Almost 80 percent of the people who went through a career re-training program in the past five years still have jobs in the Tucson metro area, and they weathered the recession better than others, a study shows.
JobPath trains adults who have a GED or high school diploma for careers in high-demand fields, such as medical billing and dental assisting.
David Lee is a radiologic technologist at Radiology Limited, which means he operates the X-ray equipment to help a doctor plan a patient's medical care. Before he went through Pima Community College with the help of JobPath, he worked in jobs without much room for advancement.
Now, he loves his job and has the potential for growth in the industry.
"Just here, for an outpatient facility, I have a lot of career opportunities," he said. He can go on to train for CT scans, MRIs and other medical imaging positions.
JobPath helped him get to this next step once he decided what kind of training to pursue.
“They basically helped me live for the two years. They helped pay for books and my classes, they also helped pay for gas, for my car to get me to and from class and my clinical sites as well," Lee said.
That's caused him to enter a cycle of giving back and being a good employee, he says.
“It makes me want to show up, and to work hard, and they helped build that," he said. "They’re very much about giving to the community as much as they’re getting from the community.”
The budget for JobPath comes largely from local government funding. Tucson and Pima County contribute 83 percent of the $731,000 annual budget for the program. The rest comes from donations from individuals and area businesses, and from grants.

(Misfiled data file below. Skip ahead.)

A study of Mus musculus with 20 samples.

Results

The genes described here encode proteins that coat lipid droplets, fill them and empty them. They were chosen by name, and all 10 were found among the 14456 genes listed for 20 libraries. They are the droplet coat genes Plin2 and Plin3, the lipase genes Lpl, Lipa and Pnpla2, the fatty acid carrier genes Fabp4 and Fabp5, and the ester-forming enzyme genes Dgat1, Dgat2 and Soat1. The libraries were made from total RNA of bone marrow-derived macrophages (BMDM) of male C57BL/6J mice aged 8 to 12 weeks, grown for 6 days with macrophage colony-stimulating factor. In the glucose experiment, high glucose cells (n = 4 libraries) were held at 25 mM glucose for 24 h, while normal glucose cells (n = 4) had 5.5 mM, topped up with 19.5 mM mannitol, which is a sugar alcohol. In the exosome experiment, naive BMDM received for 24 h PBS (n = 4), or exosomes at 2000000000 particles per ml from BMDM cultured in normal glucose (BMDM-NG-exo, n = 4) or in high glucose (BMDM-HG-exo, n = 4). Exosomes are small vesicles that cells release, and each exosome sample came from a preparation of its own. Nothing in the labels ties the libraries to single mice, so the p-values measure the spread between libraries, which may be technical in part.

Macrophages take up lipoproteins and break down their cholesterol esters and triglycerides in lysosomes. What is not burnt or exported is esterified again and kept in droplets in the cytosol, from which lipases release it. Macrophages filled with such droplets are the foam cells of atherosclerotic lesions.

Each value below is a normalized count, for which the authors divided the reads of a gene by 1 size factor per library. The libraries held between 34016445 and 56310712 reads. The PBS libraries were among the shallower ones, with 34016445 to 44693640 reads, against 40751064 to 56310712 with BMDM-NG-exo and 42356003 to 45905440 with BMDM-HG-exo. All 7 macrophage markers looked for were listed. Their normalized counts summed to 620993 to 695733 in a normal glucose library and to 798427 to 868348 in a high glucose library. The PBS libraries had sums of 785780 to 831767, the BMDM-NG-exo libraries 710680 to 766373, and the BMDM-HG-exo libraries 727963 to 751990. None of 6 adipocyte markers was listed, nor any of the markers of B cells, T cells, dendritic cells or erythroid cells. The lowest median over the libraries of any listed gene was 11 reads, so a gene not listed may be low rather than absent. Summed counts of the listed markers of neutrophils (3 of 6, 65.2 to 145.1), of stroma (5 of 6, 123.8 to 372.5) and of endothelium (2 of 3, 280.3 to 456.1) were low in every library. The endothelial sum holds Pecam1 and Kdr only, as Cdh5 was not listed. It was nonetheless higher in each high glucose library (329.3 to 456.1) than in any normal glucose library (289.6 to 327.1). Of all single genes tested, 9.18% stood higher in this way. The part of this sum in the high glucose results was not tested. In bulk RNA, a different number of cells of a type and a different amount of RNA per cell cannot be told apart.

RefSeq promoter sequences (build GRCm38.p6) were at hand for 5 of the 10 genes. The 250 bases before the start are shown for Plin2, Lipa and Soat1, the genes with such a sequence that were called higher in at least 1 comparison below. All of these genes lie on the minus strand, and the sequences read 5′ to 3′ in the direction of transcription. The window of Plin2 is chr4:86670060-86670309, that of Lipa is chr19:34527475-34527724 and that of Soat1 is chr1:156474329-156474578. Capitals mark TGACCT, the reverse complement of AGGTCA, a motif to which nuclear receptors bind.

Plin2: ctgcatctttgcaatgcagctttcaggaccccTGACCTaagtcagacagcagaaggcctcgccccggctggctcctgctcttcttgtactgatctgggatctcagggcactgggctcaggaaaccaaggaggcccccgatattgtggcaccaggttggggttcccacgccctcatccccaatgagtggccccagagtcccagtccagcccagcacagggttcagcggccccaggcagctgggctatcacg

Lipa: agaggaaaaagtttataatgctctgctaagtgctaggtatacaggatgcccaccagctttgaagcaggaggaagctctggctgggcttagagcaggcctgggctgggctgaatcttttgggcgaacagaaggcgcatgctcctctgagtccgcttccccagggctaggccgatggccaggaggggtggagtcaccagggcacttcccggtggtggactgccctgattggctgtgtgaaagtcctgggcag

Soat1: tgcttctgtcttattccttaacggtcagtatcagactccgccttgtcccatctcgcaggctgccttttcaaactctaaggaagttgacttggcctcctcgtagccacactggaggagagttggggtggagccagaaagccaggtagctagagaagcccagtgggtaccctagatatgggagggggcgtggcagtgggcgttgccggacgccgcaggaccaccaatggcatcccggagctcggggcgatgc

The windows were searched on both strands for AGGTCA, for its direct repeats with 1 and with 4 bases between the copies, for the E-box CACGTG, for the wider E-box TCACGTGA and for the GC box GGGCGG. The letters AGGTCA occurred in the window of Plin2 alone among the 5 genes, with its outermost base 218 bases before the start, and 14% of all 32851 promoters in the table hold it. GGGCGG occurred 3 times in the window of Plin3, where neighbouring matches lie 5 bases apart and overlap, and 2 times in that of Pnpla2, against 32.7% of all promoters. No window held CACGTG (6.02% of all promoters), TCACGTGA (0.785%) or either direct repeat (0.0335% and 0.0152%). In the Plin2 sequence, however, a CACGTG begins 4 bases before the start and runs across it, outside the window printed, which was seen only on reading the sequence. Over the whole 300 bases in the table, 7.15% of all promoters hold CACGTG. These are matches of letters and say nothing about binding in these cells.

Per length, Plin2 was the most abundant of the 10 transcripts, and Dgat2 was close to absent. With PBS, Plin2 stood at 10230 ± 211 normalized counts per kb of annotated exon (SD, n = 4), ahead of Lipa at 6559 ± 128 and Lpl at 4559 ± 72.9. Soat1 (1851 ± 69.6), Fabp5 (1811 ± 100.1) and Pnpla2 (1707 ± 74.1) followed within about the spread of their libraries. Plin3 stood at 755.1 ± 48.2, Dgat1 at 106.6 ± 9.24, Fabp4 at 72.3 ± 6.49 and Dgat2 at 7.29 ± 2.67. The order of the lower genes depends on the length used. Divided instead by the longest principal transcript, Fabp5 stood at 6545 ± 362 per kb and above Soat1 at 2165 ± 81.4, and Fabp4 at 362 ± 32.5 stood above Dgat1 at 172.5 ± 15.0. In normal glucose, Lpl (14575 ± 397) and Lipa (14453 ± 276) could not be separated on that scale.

A recent report shows Lee's experience after he graduated in 2014 is typical.
Most of the JobPath graduates in the past five years have more than doubled their income from before the training. Some have more than quadrupled their income, said Sarah Murley, a principal with Applied Economics. She wrote the economic impact study that tracked program graduates.
“We looked at their wages at three points in time, before they started their training program, immediately after in their first job, and then their current wage," Murley said.
JobPath focuses on training people for careers in fields expected to grow by at least 25 percent in the next 10 years. Positions such as dental assistants, medical billing and coding jobs, aircraft technicians all fall into that category.
JobPath applicants must have lived in Pima County for a year and have a GED or high school diploma. They also must be legally able to work in the U.S. and academically able to place into college courses. They complete college assessment courses and choose a field to study. Typically the students get their career skills from Pima Community College courses, and they get career coaching and peer mentoring, not to mention financial support, from JobPath.
Graduates weathered the recession better than people in other industries, Murley said.
"These have not been years of significant job growth in Pima County," she said.
That's what she finds impressive about the 80 percent retention rate, that 300 of 378 graduates in the past five years are still employed here.
“While their graduates certainly felt the impacts of the recession, the types of occupations that they are placing people in, in health care, for example, are occupations that have done better during the recession.”